Sharing the Streets

People stopped, watching, puzzled. 'What's happening?' they asked each other, looking at the silent, bowler-hatted actors, dancing somehow in unison. Then they'd start to notice that all the silent actors and the watchers that surrounded them had earphones. For them, this wasn't a silent mystery. This was a story - and the key to enter was the tiny mp3 players in their hands.

Yesterday, on a cold cloudy Sunday, we finished a four week run of 'The Bowery Wars, Part 1.' After weeks of rehearsal and performance on the crowded LES streets and alleys, our company of young performers couldn't be thrown. On Saturday, it rained for 15 minutes - the audience all pulled out their umbrellas, but the company didn't blink. Their concentration in the face of all NY threw at them was fierce and unwavering. They had a job to do and they never let go of it.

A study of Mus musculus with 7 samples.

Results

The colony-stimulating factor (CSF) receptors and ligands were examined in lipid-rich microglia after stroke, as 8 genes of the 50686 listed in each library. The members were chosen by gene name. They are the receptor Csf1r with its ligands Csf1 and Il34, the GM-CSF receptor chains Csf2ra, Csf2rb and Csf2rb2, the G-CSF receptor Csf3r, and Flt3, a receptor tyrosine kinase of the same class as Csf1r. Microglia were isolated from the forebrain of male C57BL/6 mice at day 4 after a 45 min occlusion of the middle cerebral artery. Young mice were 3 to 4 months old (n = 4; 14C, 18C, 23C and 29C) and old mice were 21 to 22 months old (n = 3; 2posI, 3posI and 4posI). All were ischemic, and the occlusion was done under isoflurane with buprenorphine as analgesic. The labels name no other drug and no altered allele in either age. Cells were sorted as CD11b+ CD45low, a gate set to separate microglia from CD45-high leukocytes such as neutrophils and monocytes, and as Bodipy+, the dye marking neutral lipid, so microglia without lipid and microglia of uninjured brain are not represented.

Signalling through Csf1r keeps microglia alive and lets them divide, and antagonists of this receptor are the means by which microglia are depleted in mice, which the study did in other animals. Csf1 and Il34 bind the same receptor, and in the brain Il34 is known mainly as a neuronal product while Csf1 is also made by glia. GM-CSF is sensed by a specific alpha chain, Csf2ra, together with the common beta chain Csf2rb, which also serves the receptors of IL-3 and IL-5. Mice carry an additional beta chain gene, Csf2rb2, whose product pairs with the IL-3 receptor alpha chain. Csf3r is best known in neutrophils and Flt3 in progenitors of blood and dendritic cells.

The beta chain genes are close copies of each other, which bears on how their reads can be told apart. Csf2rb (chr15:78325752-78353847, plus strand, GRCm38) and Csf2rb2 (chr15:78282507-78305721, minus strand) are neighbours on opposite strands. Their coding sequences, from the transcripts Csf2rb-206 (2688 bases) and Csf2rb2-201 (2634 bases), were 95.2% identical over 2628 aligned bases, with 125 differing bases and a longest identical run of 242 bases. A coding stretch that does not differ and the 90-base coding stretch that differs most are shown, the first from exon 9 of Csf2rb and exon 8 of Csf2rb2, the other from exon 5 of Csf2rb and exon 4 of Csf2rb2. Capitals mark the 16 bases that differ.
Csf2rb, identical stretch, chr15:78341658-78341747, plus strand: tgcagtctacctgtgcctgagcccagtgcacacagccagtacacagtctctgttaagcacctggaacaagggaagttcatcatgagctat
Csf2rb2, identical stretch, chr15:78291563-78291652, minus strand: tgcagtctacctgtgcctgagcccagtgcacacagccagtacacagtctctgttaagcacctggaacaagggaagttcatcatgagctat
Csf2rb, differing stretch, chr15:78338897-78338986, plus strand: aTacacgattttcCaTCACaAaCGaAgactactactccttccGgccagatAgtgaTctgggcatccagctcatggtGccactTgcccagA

Not in the face of a hundred obstacles: not in the packed density of a street festival, not when surrounded by a hundred Amish travellers, not in the face of a frightening bicycle accident, a giant poodle, a wedding celebration, or any of the hundreds of encounters they had with New York over the past two months. New York, was, in fact, part of their story. They displaced no one. Instead they collaborated with the life and people of the city in ways that impressed me deeply.

It's impossible to go through this creative process, which after all is inspired by the city, and not grow in appreciation for the abundance of life that crowds the streets. It was an experience we won't forget - to bring our story of the Bowery to mingle and merge with all the other stories the city gives birth to every moment of every day.